Summer. For so many of us, it truly is a golden season. A time for vacations. A time to spend wonderfully lazy, relaxing afternoons with friends and family on the beach or at the lake.
But for those experiencing homelessness, summer can be a time of true misery. The bitter cold of winter is often when society steps in to assist those experiencing homelessness because the season presents its own brutal threats. However, the sizzling heat and stifling humidity of summer create immense suffering as well.
Below are some of the health dangers those experiencing homelessness often experience during the summer:
- Dehydration. With limited options for shelter from the summer sun and potentially limited access to water, those experiencing homelessness are especially vulnerable to becoming dehydrated, which can be characterized by fatigue, dizziness and confusion.
- Respiratory distress. Heat often triggers air pollution in many major cities. And that air pollution can exacerbate a person’s existing asthma or emphysema. Breathing in all of that polluted air can also raise someone’s risk of developing asthma, cardiovascular disease and lung cancer, among other health problems.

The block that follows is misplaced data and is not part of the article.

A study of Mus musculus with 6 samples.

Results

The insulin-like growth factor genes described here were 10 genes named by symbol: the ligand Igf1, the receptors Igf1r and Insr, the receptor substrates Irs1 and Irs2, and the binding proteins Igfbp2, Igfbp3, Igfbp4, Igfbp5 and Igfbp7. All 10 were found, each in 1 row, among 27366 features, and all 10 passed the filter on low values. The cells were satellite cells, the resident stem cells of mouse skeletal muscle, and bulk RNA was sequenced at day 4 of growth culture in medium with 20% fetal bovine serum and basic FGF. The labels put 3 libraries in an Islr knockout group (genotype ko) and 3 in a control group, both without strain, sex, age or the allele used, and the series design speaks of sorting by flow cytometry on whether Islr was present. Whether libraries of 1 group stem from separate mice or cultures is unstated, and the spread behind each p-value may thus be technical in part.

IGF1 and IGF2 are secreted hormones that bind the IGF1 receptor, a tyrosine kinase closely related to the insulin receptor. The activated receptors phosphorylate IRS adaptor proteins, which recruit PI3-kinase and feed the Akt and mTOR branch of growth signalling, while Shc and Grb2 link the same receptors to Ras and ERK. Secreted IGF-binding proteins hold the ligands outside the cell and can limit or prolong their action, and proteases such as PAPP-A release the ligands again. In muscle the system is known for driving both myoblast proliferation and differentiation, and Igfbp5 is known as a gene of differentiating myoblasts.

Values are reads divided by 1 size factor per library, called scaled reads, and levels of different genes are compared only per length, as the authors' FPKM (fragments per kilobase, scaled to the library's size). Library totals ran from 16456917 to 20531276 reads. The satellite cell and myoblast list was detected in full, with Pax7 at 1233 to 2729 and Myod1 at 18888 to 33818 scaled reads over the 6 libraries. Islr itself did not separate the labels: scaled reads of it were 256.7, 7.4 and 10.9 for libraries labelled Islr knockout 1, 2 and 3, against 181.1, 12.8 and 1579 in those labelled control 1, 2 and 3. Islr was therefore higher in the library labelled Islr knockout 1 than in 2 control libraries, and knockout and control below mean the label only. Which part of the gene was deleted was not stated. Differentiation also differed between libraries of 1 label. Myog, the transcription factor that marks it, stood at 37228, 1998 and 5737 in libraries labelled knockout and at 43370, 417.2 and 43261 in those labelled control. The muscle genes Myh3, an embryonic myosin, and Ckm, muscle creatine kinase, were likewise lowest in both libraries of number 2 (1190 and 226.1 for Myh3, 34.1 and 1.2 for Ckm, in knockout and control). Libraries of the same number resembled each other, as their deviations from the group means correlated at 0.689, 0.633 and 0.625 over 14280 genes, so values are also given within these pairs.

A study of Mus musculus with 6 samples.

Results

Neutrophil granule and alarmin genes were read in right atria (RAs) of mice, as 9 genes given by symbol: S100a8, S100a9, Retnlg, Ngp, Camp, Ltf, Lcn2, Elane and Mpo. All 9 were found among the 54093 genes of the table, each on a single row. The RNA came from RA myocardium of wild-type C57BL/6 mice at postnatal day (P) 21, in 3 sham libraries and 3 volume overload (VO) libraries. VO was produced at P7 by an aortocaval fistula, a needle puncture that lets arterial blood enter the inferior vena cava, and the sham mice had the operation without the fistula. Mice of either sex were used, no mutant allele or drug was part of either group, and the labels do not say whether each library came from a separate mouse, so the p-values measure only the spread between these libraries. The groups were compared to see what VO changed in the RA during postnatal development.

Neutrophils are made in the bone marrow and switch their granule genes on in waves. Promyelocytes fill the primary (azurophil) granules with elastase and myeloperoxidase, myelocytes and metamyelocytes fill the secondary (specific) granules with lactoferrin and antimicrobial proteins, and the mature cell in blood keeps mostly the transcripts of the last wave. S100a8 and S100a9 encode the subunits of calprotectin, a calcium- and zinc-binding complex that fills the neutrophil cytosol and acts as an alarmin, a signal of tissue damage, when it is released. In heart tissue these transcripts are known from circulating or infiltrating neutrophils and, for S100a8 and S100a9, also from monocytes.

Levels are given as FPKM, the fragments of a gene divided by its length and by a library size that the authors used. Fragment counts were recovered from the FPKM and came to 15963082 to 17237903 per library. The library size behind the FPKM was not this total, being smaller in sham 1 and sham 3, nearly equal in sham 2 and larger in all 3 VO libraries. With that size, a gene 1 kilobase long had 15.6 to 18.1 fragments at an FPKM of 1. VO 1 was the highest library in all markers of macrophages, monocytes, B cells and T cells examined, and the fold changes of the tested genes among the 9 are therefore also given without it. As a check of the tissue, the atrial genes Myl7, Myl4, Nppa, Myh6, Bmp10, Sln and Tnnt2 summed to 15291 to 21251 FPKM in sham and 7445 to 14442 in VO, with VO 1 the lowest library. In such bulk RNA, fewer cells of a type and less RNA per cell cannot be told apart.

- Heat exhaustion and stroke. Being out in the sun for long periods of time can lead to heat exhaustion, whose symptoms include cramps, general weakness, heavy sweating, nausea and clammy skin. A heat stroke is similar but is considered more serious. It occurs when someone’s body temperature gets above 103 degrees Fahrenheit.
So how can we mitigate the suffering of our friends struggling through homelessness during the summer?
For starters, donate needed supplies to homeless shelters. Items like bottled water, sunscreen, bug spray, hats and visors are always in demand and welcome. Additionally, don’t be afraid to interact with those experiencing homelessness and give them these items directly.
On a bigger-picture, longer-term level, it’s important to reduce homelessness so that there are fewer people left to suffer during the summer months. For that to happen, it’s important that the private sector play a major role in this issue. Private businesses can help by hiring ready-to-work homeless individuals – of which there are thousands upon thousands – and also by helping them find places to live.
The majority of our country’s homeless are situationally homeless, meaning they are experiencing homelessness due to a life-altering event such as the loss of a job, a medical or health emergency, a divorce, a natural disaster, domestic abuse or the loss of a primary income earner. These are people who have consistent work history, have marketable skills, who want to work and return to a life of self-sufficiency but rarely receive the necessary governmental support services, which tend to focus on the chronically homeless.
Summer is here, and that means great times for so many of us. But don’t forget about the most vulnerable in our community during these months. Their need for our helping hands is as strong as ever.